P.S. I’ve posted the text of the bill below Del. Carter’s Facebook post so everyone can read it for themselves.

Lee J. Carter 12 hrs

I share this video not to rehash today’s incident, but to redirect attention onto the message I was speaking to, on how economic development policy in the Commonwealth needs to help those living in impoverished areas, not provide tax breaks for large out-of-state corporations.

Measures to fight poverty are crucial, but they must address poverty head on – not use mechanisms that just shift Virginia’s poor to other localities. We deserve better than that.

Income tax; modification for certain companies and subtraction for their employees; local grants. Establishes an income tax modification for companies that, from 2018 through 2028, either (i) invest at least $5 million in new capital investment in a qualified locality and create at least 10 jobs paying at least twice the minimum wage in a qualified locality or (ii) create at least 50 jobs paying at least twice the minimum wage in a qualified locality. A company is eligible to claim the modification only if it had no property or payroll in Virginia on the effective date of the act.

The bill defines “qualified locality” to include (a) the Counties of Bland, Buchanan, Carroll, Dickenson, Giles, Grayson, Lee, Russell, Scott, Smyth, Tazewell, Wise, and Wythe and the Cities of Bristol, Galax, and Norton; (b) the Counties of Amelia, Appomattox, Buckingham, Charlotte, Cumberland, Halifax, Henry, Lunenburg, Mecklenburg, Nottoway, Patrick, Pittsylvania, and Prince Edward and the Cities of Danville and Martinsville; (c) the Counties of Accomack, Caroline, Essex, Gloucester, King and Queen, King William, Lancaster, Mathews, Middlesex, Northampton, Northumberland, Richmond, and Westmoreland; and (d) the City of Petersburg. “Qualified locality” also includes certain real property owned or partly owned by such localities outside of their territorial boundaries.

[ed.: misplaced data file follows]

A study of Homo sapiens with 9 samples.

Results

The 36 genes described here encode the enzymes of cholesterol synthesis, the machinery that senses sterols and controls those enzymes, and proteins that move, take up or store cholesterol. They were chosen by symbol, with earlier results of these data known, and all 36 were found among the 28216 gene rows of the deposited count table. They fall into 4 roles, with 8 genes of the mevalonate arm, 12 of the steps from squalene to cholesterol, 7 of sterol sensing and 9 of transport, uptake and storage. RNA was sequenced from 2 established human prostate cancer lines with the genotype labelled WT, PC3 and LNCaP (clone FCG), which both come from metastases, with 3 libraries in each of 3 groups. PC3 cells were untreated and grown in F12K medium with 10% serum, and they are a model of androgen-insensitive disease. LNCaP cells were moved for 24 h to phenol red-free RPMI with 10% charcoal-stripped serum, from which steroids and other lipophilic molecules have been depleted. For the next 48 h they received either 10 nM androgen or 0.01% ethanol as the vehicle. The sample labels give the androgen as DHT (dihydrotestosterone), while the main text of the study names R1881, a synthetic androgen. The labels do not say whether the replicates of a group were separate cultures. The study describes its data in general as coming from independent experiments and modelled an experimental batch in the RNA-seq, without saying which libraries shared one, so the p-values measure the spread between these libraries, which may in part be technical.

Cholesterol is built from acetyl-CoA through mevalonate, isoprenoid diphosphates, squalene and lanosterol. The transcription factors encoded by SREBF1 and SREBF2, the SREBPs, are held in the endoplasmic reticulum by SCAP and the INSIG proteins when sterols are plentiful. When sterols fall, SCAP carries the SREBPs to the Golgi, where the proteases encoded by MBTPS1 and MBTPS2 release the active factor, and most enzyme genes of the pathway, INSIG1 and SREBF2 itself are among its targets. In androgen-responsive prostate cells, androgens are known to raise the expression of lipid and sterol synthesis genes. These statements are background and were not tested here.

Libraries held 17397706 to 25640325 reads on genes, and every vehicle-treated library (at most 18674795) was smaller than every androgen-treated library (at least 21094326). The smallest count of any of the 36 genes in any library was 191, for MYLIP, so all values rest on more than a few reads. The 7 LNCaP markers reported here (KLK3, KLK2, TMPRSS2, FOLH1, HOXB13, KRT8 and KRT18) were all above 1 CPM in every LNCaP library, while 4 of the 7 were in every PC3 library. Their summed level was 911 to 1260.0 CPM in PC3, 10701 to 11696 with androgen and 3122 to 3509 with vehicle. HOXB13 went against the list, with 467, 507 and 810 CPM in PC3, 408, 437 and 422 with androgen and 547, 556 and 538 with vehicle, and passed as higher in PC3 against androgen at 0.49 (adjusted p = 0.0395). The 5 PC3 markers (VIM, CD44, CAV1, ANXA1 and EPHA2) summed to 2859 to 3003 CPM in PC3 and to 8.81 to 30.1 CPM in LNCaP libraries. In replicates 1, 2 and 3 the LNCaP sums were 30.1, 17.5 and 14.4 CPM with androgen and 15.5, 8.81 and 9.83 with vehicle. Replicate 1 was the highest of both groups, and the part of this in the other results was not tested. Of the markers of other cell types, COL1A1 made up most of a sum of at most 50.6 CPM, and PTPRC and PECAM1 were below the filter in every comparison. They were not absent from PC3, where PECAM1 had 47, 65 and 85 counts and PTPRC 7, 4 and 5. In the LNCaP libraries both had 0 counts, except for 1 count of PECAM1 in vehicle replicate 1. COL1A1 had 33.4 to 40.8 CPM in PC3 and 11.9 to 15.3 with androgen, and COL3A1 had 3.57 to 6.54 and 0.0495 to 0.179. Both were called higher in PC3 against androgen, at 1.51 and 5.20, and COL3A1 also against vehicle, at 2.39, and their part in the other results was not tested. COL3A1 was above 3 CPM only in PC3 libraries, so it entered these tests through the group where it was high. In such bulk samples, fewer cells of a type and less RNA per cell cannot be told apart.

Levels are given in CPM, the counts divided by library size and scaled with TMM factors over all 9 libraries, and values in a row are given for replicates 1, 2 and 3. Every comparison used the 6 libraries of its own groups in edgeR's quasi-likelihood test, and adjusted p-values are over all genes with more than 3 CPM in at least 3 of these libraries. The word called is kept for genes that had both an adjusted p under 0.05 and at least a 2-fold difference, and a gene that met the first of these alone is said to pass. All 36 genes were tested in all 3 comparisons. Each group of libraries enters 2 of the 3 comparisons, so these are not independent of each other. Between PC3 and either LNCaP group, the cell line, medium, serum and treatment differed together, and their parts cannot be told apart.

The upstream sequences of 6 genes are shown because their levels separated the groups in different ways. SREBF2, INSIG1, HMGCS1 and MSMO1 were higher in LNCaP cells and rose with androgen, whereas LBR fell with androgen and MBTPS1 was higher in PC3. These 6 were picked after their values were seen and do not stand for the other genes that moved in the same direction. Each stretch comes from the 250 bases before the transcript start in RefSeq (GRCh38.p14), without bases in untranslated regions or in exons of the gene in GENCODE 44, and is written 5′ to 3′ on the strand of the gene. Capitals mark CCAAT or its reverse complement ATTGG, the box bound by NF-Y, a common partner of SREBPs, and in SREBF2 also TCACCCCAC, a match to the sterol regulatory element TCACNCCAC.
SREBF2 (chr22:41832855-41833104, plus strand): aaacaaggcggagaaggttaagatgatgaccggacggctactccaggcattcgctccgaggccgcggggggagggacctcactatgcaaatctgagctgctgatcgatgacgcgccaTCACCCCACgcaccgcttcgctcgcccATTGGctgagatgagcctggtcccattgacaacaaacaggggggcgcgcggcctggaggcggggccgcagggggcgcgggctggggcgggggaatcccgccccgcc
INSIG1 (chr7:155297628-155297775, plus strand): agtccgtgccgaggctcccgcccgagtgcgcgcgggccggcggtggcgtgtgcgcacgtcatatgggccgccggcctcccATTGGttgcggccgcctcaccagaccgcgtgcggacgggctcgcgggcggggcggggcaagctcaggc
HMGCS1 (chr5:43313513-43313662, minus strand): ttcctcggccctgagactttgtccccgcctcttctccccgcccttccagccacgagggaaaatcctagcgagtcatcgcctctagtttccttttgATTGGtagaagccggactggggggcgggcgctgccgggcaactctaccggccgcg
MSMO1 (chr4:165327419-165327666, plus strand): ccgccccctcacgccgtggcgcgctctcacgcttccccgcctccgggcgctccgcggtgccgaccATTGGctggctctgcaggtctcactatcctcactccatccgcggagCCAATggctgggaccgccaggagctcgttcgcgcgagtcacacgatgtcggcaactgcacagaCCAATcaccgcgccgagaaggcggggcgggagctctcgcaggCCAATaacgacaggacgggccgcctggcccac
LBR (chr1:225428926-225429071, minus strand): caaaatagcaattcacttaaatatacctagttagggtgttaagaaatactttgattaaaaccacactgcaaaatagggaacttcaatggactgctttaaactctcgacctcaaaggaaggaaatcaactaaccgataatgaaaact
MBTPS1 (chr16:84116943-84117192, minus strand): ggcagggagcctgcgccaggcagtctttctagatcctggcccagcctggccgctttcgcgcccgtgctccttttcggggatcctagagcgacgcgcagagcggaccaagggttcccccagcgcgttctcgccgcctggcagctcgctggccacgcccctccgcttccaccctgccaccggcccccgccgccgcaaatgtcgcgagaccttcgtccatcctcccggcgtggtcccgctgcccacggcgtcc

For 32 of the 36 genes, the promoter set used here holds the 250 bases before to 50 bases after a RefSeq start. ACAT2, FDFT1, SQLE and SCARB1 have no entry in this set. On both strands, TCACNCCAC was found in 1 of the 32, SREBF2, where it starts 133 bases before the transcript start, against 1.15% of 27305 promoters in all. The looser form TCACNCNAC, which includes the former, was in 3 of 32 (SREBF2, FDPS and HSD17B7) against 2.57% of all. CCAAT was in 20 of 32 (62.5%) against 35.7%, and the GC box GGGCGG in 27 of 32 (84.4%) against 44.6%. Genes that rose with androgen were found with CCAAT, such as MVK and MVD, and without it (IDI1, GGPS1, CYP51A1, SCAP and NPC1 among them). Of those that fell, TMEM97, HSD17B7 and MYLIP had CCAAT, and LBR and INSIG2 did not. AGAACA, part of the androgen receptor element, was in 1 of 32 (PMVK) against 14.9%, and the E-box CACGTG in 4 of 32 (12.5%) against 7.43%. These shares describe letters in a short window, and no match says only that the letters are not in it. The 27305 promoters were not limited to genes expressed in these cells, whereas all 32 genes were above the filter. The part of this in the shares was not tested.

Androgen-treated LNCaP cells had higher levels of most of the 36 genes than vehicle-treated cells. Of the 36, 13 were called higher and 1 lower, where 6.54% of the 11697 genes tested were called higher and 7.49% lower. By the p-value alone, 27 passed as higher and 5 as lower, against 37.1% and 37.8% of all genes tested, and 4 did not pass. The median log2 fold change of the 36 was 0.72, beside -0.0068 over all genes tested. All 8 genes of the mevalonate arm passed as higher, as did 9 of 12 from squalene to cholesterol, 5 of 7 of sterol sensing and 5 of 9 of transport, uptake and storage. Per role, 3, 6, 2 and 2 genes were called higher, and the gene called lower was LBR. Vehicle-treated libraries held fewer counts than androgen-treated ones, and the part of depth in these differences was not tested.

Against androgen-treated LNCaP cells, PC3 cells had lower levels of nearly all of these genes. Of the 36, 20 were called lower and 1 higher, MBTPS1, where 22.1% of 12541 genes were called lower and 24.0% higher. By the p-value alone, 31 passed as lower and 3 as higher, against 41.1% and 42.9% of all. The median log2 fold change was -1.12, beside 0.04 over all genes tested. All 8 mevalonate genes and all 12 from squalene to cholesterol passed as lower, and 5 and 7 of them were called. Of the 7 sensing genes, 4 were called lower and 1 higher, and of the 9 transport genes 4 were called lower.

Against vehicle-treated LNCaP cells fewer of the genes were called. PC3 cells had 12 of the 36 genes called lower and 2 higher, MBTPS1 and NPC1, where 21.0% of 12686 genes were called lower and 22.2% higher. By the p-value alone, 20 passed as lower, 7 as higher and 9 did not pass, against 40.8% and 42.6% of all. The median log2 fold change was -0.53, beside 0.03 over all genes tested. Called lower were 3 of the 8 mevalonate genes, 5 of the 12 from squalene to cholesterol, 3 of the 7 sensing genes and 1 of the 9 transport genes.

The bill requires a company to obtain annual certification from the Virginia Economic Development Partnership Authority (the Authority) that the company will have a positive fiscal impact on Virginia, based on consideration of certain factors. It directs the Authority to deny certification to any company that reorganizes for the purpose of taking advantage of the tax benefits provided by the bill.

Generally, the amount of the modification is the value of the company’s property and payroll in qualified localities. The bill provides similar modifications for industries that use different apportionment formulas, including motor carriers, financial companies, construction companies, railway companies, manufacturing companies, retailers, and businesses with enterprise data center operations.

The bill also establishes a subtraction from individual income tax for employees of an eligible company. Such employees may subtract up to $250,000 of compensation received from an eligible company. Eligibility for the corporate and individual income tax subtractions shall continue for nine years following the year in which the company initially makes a modification to its apportionment formula. Continuing eligibility is contingent on the company’s maintaining its capital investment and jobs created in qualified localities.

The bill permits qualified localities to provide grants and loans to companies that qualify for the modification provided by the bill.